I didn’t. But the high school students at Raffles Junior College (RJC) sure did. I was at the school yesterday giving a presentation on business plan writing to about 40 (?) members of their Entrepreneurship club (along with Justin who’s an alumni). This was a weekend camp for the new members who had a 2-hour crash course on business plan writing as part of their camp programme. 2 hours?!?! Man, it took 10 weeks for John Nesheim to teach that same course. Maybe a couple of days for a proper workshop for business plan competition participants. But 2 hours? I didn’t really know what I was in for when i took this project up.
“Can you talk about “Business” or “Entrepreneurship” for more than 3 minutes when you were 17?”
I am good at BS, so I sure could =D But it won’t make sense to those who really knew. I wanted to develop a presentation that excited the young audience without killing their interest by boring them with details. Thats where the E27 philosophy came in. We invoked a lot of excitement by highlighting Bill Gates, Steve Jobs, Blake Ross, Mark Zuckerberg, the Youtube guys — most of which were 1-5 year timeframes away from the young audience when they started up. But inspiring them was easy, the meat of the presentation was the tricky part.
I had ONE BIG Challenge: the Curse of Knowledge.
1. I had way too much knowledge from my years of starting up and working for a startup. A fine line had to be drawn between simplicity and quality.
2. These kids had their own Curse of Knowledge too – from Google. I have to help them navigate through that surplus of information that plagues modern society today.
We realized 3 things early in developing our presentation:
1. A business plan format is really boring and tedious to 17-year-olds.
2. Everything was available on Google.
3. We are all very good “buying” consumers but we just dunno what its like on the other “selling” side.
We ditched the entire business plan format as the focus. And did away with a lot of business jargon like sustainable competitive advantage, core competency, value proposition. At its very core, entrepreneurship=business=making money. To me, entrepreneurship is making money with soul as a real human being. (You have to curb some human instincts when you work in a big corporation.) Injecting what you know about human society, their psychology and their attitudes towards buying things. All of us are humans and we are in contact with many businesses every day. And thats the angle I took.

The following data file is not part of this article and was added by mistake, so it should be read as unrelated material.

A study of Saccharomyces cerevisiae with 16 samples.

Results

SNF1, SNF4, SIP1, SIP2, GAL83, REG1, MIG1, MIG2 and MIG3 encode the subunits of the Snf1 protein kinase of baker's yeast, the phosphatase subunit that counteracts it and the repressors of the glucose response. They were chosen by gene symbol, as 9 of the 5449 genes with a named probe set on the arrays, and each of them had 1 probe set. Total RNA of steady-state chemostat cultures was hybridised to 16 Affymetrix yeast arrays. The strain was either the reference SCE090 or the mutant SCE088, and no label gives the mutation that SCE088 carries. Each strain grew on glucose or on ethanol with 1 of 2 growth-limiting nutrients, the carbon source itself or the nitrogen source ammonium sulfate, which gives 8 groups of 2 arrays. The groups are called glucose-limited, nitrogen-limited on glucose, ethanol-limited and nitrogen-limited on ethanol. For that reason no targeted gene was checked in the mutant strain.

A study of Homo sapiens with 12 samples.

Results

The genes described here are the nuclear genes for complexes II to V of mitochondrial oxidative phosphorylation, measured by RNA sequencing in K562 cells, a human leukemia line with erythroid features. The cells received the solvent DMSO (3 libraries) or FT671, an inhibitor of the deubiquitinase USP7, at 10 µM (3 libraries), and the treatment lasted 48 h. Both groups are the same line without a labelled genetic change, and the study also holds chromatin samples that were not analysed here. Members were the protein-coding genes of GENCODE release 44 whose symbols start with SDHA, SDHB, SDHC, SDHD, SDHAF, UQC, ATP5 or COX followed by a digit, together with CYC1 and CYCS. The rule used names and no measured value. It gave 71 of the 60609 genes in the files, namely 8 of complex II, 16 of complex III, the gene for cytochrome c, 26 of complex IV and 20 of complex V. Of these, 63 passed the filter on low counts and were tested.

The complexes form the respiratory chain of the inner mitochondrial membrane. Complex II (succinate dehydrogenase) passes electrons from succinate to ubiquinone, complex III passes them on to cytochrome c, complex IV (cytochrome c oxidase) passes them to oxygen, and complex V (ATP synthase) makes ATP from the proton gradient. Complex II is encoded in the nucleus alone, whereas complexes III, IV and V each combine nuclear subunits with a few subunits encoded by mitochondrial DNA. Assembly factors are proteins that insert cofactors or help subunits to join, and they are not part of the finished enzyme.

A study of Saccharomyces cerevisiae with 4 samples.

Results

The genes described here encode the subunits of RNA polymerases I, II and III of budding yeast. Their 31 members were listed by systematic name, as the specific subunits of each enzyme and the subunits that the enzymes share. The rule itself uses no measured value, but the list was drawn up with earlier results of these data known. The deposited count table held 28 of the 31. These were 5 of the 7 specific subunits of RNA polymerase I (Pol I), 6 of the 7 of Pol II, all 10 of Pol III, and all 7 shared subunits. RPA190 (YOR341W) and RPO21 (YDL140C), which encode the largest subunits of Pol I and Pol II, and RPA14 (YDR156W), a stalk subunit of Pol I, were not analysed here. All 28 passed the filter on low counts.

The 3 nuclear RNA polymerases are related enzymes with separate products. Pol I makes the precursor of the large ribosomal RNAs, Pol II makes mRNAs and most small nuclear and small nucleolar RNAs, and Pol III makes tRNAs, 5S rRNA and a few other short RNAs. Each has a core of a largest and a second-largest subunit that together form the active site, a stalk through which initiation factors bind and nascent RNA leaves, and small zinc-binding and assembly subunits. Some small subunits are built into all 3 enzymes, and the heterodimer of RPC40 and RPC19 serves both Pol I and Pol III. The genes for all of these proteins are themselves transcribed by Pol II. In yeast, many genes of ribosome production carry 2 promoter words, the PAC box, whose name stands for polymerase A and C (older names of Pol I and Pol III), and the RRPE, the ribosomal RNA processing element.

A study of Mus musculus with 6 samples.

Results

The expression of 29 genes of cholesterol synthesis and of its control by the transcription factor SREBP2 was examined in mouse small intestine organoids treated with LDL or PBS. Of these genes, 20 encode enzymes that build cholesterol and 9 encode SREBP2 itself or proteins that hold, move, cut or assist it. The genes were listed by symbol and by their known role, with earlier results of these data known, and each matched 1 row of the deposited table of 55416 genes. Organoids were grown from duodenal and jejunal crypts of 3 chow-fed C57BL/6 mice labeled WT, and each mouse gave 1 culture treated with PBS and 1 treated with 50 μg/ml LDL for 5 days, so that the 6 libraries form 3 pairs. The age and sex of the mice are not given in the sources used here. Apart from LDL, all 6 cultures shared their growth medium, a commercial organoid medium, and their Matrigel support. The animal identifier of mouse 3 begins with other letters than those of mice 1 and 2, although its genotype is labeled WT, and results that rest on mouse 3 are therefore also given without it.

Since everybody could google “Business plan writing” anytime, we focused on 3 key concepts that will be good filters in knowing the core of what it takes to write a good business plan. These filters were intended to be the mental “Compasses” to navigating the “GoogleLand” and overcoming the Curse of Knowledge.
1. Unfair Advantage
These were smart kids and I tried to make the examples and analogies as close and personal to them as possible. I asked that what shoes they wear, the food they eat, the MP3 player they like and what other company dominates their consciousness. From there, I explained why Nike, Singapore Airlines, AirAsia, Apple iPod conquers the business world and their minds.
Hopefully, it was all engaging. The room was bloody cold and the kids were dressed in T-shirts and shorts. I feared there would be a mass exodus midway through the lecture due to hypothermia fears. =D Thankfully, there wasn’t. Lets see if any of them find this blog post so we all get some real feedback.